Feeds

Hackers plant malware on Jerusalem Post website

Scattergun opportunists

Protecting users from Firesheep and other Sidejacking attacks with SSL

Hackers compromised the website of the Jerusalem Post on Monday so that it served up malware.

The attack relied on planting scripts on the site itself, rather than the more common tactic of compromising its ad-serving system to serve tainted ads. The attack ultimately attempted to dump Windows-based malware on the Windows PCs of visiting surfers.

Sophos - which was among the first to document the attack - defines this strain of malware as Behav-290.

Paul Baccas (AKA Pob) a virus researcher at Sophos reckons the attack is more likely to be down to opportunists than a reaction to heightened tensions in the Middle East over recent days, following deaths on a flotilla of boats bound for Gaza.

"In the current climate some will assume that the site has been hacked by a politically motivated hacker," Baccas writes. "However, in my experience the majority of hacks like this are done via a scattergun approach and it was just bad luck (and bad website security) that meant that the Jerusalem Post was the victim." ®

The next step in data security

More from The Register

next story
Israeli spies rebel over mass-snooping on innocent Palestinians
'Disciplinary treatment will be sharp and clear' vow spy-chiefs
Infosec geniuses hack a Canon PRINTER and install DOOM
Internet of Stuff securo-cockups strike yet again
'Speargun' program is fantasy, says cable operator
We just might notice if you cut our cables
Apple Pay is a tidy payday for Apple with 0.15% cut, sources say
Cupertino slurps 15 cents from every $100 purchase
YouTube, Amazon and Yahoo! caught in malvertising mess
Cisco says 'Kyle and Stan' attack is spreading through compromised ad networks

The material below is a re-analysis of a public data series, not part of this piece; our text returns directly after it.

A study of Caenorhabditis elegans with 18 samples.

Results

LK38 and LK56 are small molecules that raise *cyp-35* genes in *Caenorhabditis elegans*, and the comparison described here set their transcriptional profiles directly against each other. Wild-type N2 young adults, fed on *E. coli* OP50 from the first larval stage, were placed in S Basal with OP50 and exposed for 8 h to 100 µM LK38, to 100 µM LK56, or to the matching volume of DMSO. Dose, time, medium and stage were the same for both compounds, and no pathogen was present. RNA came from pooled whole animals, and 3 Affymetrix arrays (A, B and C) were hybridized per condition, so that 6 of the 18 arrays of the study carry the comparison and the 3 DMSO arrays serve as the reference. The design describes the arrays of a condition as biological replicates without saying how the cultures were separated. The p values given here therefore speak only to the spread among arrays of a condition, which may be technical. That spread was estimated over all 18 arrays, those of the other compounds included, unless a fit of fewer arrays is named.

Hackers pop Brazil newspaper to root home routers
Step One: try default passwords. Step Two: Repeat Step One until success
Greater dev access to iOS 8 will put us AT RISK from HACKERS
Knocking holes in Apple's walled garden could backfire, says securo-chap
Microsoft to patch ASP.NET mess even if you don't
We know what's good for you, because we made the mess says Redmond
prev story

Whitepapers

Providing a secure and efficient Helpdesk
A single remote control platform for user support is be key to providing an efficient helpdesk. Retain full control over the way in which screen and keystroke data is transmitted.
Saudi Petroleum chooses Tegile storage solution
A storage solution that addresses company growth and performance for business-critical applications of caseware archive and search along with other key operational systems.
Security and trust: The backbone of doing business over the internet
Explores the current state of website security and the contributions Symantec is making to help organizations protect critical data and build trust with customers.
Reg Reader Research: SaaS based Email and Office Productivity Tools
Read this Reg reader report which provides advice and guidance for SMBs towards the use of SaaS based email and Office productivity tools.
Security for virtualized datacentres
Legacy security solutions are inefficient due to the architectural differences between physical and virtual environments.